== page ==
Creutzfeldt-Jakob disease (CJD) is a rare, fatal brain disorder caused by prions. Prions are normal proteins that have changed their shape. Healthy proteins have a healthy shape, which allows them to function normally. The misshapen prion protein is unhealthy. Worse, the prion causes disease by making other proteins nearby change their healthy shape to the prion's unhealthy shape. In this way a prion makes more prions: it slowly turns healthy proteins into prions, too.

When symptoms eventually appear, CJD causes rapidly progressive dementia (mental decline) and involuntary jerking muscle movements called myoclonus. About 90% of people with CJD die within 1 year of diagnosis.

About 85-95% of cases of CJD are from sporadic mutations. The DNA in a brain cell is changed by the mutation, and makes an unhealthy prion protein. Less often, the mutation is hereditary (passed down from parent to child). Jewish people born in Czechoslovakia, Chile and Libya have a higher-than-average number of inherited cases of CJD. Inherited CJD does not cause symptoms until adulthood.

Prions also can be passed from an animal to a person, or from one person to another. Fortunately, it is hard to catch prion diseases. A type of CJD called "variant CJD" shows somewhat slower progression of brain injury and more psychiatric symptoms, and it tends to affect younger people. This type of CJD has been linked to eating beef from cattle with bovine spongiform encephalopathy (BSE), also called "mad cow disease." BSE is caused by prions.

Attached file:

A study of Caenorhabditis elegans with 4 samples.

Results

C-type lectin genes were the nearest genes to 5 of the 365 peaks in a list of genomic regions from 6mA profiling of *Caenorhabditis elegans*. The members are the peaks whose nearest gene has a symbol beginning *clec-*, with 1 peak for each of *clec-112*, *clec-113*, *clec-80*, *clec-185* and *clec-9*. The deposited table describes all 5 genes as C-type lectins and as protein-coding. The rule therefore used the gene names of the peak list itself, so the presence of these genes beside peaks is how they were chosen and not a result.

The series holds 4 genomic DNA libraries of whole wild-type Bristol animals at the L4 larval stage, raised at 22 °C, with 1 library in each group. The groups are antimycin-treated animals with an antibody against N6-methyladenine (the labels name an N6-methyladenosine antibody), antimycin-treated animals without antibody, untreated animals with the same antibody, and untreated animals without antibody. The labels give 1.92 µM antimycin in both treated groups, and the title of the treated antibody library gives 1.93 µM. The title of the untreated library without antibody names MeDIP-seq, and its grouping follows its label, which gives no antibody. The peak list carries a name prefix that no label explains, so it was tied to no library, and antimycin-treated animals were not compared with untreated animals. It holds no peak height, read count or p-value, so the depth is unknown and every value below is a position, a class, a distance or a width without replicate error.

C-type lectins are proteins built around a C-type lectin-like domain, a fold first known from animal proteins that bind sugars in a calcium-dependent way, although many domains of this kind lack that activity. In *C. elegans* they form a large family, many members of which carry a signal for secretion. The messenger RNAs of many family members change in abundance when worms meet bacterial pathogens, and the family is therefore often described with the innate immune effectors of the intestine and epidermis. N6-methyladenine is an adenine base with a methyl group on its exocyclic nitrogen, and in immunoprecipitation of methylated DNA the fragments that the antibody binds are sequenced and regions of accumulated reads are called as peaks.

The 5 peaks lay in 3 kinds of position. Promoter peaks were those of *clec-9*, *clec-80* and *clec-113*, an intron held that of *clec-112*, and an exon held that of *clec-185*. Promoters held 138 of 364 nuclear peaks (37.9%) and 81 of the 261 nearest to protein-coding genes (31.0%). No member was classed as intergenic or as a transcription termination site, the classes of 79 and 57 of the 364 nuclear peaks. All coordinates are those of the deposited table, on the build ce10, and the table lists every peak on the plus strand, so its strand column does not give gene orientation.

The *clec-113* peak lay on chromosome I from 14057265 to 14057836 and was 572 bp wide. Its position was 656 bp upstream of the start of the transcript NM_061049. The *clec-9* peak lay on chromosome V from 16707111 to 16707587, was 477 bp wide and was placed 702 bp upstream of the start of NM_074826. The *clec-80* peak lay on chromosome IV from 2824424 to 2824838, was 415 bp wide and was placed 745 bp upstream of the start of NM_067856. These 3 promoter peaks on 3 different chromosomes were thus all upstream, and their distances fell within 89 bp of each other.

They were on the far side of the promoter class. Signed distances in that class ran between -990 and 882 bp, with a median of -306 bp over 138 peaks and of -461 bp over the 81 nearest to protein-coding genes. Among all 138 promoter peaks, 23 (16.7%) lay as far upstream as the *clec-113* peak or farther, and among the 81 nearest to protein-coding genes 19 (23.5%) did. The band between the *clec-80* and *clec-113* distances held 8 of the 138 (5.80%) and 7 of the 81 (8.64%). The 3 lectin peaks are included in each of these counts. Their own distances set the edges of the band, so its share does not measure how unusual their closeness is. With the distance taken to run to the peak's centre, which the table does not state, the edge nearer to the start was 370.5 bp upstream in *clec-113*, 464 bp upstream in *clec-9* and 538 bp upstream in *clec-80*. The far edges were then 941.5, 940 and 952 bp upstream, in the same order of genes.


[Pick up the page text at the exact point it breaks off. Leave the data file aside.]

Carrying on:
In the 1990's, a small outbreak of variant CJD was described in the United Kingdom. It was caused by people eating beef infected with prions. Since then, changes in beef farming and processing practices have helped to limit the number of new cases.

It is extremely uncommon for CJD to spread from one person to another. However, in very rare cases CJD has been transmitted by a blood transfusion, by a medical procedure (because of contaminated equipment), by contaminated tissue (such as corneas that are used for transplant) or by injections of hormones extracted from human tissues.